A Santa Rosa man killed after he was struck by a car while he rode a skateboard across Mendocino Avenue was legally intoxicated, Santa Rosa police said Monday.

Joe Hyland, 24, had a blood-alcohol level of .28 percent, more than three times the legal limit if he'd been operating a vehicle, said Sgt. Rich Celli.

Traffic investigators have been investigating the fatal collision for a month. They completed their report on Monday.

Hyland was riding across the four-lane avenue at Benton Street the night of March 25 when he was hit by a 2000 BMW driven by Mansor Mickel, 28, of Santa Rosa.

Hyland was thrown from his board and died from his injuries.

Investigators determined Hyland was at fault.

"It appeared he darted out into the roadway and we believe the influence of alcohol was a factor in his decision-making," Celli said.

A blood test also confirmed that the driver, Mickel, was not intoxicated at the time of the collision, Celli said.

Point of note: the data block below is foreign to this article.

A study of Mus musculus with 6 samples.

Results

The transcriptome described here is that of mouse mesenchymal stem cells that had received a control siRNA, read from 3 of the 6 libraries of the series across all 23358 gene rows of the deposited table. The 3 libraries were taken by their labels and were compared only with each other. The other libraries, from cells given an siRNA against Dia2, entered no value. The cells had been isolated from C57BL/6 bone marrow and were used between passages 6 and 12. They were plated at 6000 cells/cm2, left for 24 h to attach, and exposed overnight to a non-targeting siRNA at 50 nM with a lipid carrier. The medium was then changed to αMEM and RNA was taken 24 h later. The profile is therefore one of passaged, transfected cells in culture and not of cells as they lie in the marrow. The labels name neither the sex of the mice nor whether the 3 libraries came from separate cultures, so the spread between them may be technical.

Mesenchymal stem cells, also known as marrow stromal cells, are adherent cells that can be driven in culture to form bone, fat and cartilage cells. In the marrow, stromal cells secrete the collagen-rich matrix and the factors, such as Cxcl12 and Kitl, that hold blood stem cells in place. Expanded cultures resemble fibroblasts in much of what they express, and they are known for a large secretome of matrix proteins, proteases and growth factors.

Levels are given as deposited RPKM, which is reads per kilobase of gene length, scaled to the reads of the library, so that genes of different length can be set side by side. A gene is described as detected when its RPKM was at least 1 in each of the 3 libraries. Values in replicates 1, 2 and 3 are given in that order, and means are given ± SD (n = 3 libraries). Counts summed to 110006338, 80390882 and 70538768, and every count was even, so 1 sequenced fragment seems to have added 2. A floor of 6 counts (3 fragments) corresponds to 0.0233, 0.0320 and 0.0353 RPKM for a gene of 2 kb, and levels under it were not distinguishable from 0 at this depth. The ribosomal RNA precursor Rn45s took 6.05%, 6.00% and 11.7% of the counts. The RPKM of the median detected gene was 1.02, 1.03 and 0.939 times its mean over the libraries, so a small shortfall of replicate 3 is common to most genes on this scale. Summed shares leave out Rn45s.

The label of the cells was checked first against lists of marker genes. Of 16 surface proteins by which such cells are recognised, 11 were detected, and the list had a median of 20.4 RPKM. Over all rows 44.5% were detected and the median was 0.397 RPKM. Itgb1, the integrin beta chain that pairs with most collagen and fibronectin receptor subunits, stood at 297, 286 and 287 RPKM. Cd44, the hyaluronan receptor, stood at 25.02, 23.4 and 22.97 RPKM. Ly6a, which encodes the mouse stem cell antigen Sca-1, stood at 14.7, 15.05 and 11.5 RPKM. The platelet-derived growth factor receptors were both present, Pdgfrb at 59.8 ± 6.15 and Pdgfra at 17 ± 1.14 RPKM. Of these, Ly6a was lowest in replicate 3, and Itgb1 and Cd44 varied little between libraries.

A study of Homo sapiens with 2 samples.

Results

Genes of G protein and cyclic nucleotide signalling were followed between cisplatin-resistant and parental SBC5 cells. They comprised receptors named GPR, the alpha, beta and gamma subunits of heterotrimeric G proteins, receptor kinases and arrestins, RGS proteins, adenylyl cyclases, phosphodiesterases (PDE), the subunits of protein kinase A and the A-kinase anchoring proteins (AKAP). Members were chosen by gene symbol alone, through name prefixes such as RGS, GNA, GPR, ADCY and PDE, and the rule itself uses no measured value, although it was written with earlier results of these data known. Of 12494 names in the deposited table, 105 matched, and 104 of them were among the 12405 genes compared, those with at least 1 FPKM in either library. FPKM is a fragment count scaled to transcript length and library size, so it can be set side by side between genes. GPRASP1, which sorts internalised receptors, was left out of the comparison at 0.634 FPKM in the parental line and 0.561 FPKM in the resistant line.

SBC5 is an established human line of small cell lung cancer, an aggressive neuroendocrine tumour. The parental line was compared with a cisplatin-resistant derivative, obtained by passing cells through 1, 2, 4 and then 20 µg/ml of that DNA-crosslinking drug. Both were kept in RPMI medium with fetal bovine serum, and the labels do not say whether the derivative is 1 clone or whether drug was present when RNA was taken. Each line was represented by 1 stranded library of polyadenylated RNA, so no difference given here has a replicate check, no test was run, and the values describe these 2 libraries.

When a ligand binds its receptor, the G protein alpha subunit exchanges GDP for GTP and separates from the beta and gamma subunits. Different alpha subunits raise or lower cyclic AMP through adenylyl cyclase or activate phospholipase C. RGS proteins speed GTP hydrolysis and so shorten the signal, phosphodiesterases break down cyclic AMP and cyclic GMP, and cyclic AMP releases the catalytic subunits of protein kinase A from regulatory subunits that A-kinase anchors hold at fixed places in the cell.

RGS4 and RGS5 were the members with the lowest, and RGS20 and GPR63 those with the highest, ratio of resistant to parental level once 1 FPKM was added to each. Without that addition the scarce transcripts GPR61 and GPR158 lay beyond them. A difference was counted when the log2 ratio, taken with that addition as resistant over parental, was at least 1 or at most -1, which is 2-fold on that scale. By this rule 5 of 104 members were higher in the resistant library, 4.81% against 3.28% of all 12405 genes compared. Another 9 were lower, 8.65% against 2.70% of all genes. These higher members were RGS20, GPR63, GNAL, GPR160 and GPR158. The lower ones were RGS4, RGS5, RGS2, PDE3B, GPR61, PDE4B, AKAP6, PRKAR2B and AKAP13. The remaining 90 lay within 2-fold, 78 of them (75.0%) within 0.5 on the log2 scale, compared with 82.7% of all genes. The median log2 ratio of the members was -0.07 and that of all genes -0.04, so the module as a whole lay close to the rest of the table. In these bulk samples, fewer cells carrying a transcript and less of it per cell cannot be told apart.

Hyland was remembered by family, friends and co-workers as a charismatic young man, a talented artist and a generous friend.

He'd been employed by Pacific Market and Sandy's Pizza at the Town and Country shopping center.

Hyland was one of four people killed in Sonoma County collisions with vehicles since late last year.

Two of the deaths were in Santa Rosa, including a 63-year-old man who died Saturday.

This spring a blind couple also was hit and injured while walking in a Santa Rosa crosswalk.

Santa Rosa police said they will increase efforts aimed at battling the number of collisions involving vehicles and walkers, bike riders and skateboarders, Celli said.

Officers have been conducting added enforcement by ticketing drivers and pedestrians. Police said they will step up a campaign to educate locals about crosswalk safety.

"We currently have a bicycle and pedestrian safety program being conducted, we're in the second year of a two-year grant," said Celli.

"Although our efforts have increased over the last several years, we still need to increase the message on the importance of safety," he said.

Petaluma police officers investigated a series of similar collisions last fall in their city. They then conducted an education campaign as part of officers' attempts to reduce the problem. The number of such crashes this year has dropped significantly compared to last year.